Politicians in Democratic Republic of Congo have long pressed the UN to cut its huge mission in the country, but now that a drawdown has begun, questions are being raised about the impact on locally-hired employees.
Since July 1, the UN Organisation Stabilisation Mission in the DR Congo (MONUSCO) has closed several bases and cut its civilian payroll by 764 workers.
A new mandate passed on Thursday by the Security Council gave the green light to a one-year extension for MONUSCO -- the UN's largest peacekeeping force, with a budget of around $1 billion dollars (901 million euros).
But it also reduced the number of soldiers in the mission while increasing the size of its police contingent, and stressed "the need to progressively transfer MONUSCO's tasks to the Government of the DRC."
President Felix Tshisekedi, in his state-of-the-nation address last week, paid tribute to the role of UN peacekeepers in the volatile country but said "MONUSCO has no calling to remain in the DRC indefinitely."
The new troop reduction is modest in relation to the 15,900 currently deployed, cutting the maximum authorized ceiling from 16,875 to 14,660. The police component will temporarily gain 360 additional personnel.
The drawdown has coincided with recent anti-UN protests in eastern DRC, where crowds accused the peacekeepers of failing to protect them against a brutal militia, the Allied Democratic Forces (ADF).
About 1,000 expatriates hold civilian posts, but three-quarters of the staff who lost their jobs this year were local-hired Congolese, leading to numerous complaints about the conditions of dismissal.
"They did it hastily, with no objectivity or openness," said Rachel Ntumba, who worked for 14 years in a team in Goma, chief town of eastern North Kivu province, responsible for the disarmament, demobilisation and social reinsertion of militia forces.
"They didn't take seniority or people's qualifications into account," added Ntumba, who holds a diploma in international law.
An eldest child, she must care for her parents and seven brothers and sisters.
When her job was cut, she said she managed to obtain "a small contract — not UN status — with the mission for three months."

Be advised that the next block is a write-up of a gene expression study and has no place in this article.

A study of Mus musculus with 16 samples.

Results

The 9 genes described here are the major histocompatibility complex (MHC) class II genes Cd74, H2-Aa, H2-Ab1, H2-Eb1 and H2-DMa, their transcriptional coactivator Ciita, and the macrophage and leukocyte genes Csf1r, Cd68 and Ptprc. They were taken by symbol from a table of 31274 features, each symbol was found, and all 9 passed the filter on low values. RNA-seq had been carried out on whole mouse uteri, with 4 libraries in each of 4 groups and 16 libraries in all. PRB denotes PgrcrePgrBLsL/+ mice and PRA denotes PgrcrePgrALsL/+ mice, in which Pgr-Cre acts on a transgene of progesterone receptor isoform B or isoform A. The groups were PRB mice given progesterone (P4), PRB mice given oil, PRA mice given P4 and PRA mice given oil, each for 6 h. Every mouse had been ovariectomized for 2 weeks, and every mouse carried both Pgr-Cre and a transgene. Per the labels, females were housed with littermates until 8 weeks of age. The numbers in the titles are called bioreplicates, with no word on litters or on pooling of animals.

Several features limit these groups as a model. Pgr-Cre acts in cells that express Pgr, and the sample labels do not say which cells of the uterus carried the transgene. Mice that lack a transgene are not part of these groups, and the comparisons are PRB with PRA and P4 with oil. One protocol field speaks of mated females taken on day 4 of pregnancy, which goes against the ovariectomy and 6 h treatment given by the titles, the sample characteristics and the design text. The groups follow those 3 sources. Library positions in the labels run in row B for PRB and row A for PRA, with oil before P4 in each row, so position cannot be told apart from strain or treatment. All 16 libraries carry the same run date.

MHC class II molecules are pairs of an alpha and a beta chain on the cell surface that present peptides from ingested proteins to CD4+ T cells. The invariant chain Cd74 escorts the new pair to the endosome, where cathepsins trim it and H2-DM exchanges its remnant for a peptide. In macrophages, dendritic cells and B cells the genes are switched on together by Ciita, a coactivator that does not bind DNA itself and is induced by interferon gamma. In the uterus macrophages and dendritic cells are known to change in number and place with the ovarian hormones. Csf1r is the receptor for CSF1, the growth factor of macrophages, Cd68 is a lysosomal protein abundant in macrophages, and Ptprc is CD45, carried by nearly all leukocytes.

But that contract ends in few days.
MONUSCO took over from an earlier UN peacekeeping mission, MONUC, in 2010.
It has already shut its offices in Kisangani, the biggest city in the northeast, and in the southwestern town of Matadi, since the end of June.
The closure was "carried out in a cavalier fashion... we hadn't even finished filling out the forms," said Denzu Nsimba, who handled logistics in Matadi.
"They cut off the internet and electricity and made off with the chairs without even waiting for us to pack up our things.
"In this country, where just to have a job is a blessing from heaven, I'm stuck at home, unemployed and no idea what to do."
Nsimba resented expatriate former colleagues who were redeployed elsewhere in the UN network. "The United Nations preaches respect for human rights, but what it practices on the ground is quite contrary to that."
Layoffs have also struck the newsroom at Radio Okapi, founded in 2002 during the Second Congo War by the UN in partnership with the Fondation Hirondelle of Switzerland.
Journalist Aliana Alipanagama lost his job after 17 years.
"Expenditure that was linked to severance pay was paid into my account last month," said Alipanagama, a father of five who has taken in 12 additional people.
"I'm already investing part of the money to create a production unit in the farming and herding sector. The rest will be invested in property," added the journalist, who now supervises the communications service of the provincial government of Bas-Uele in the north.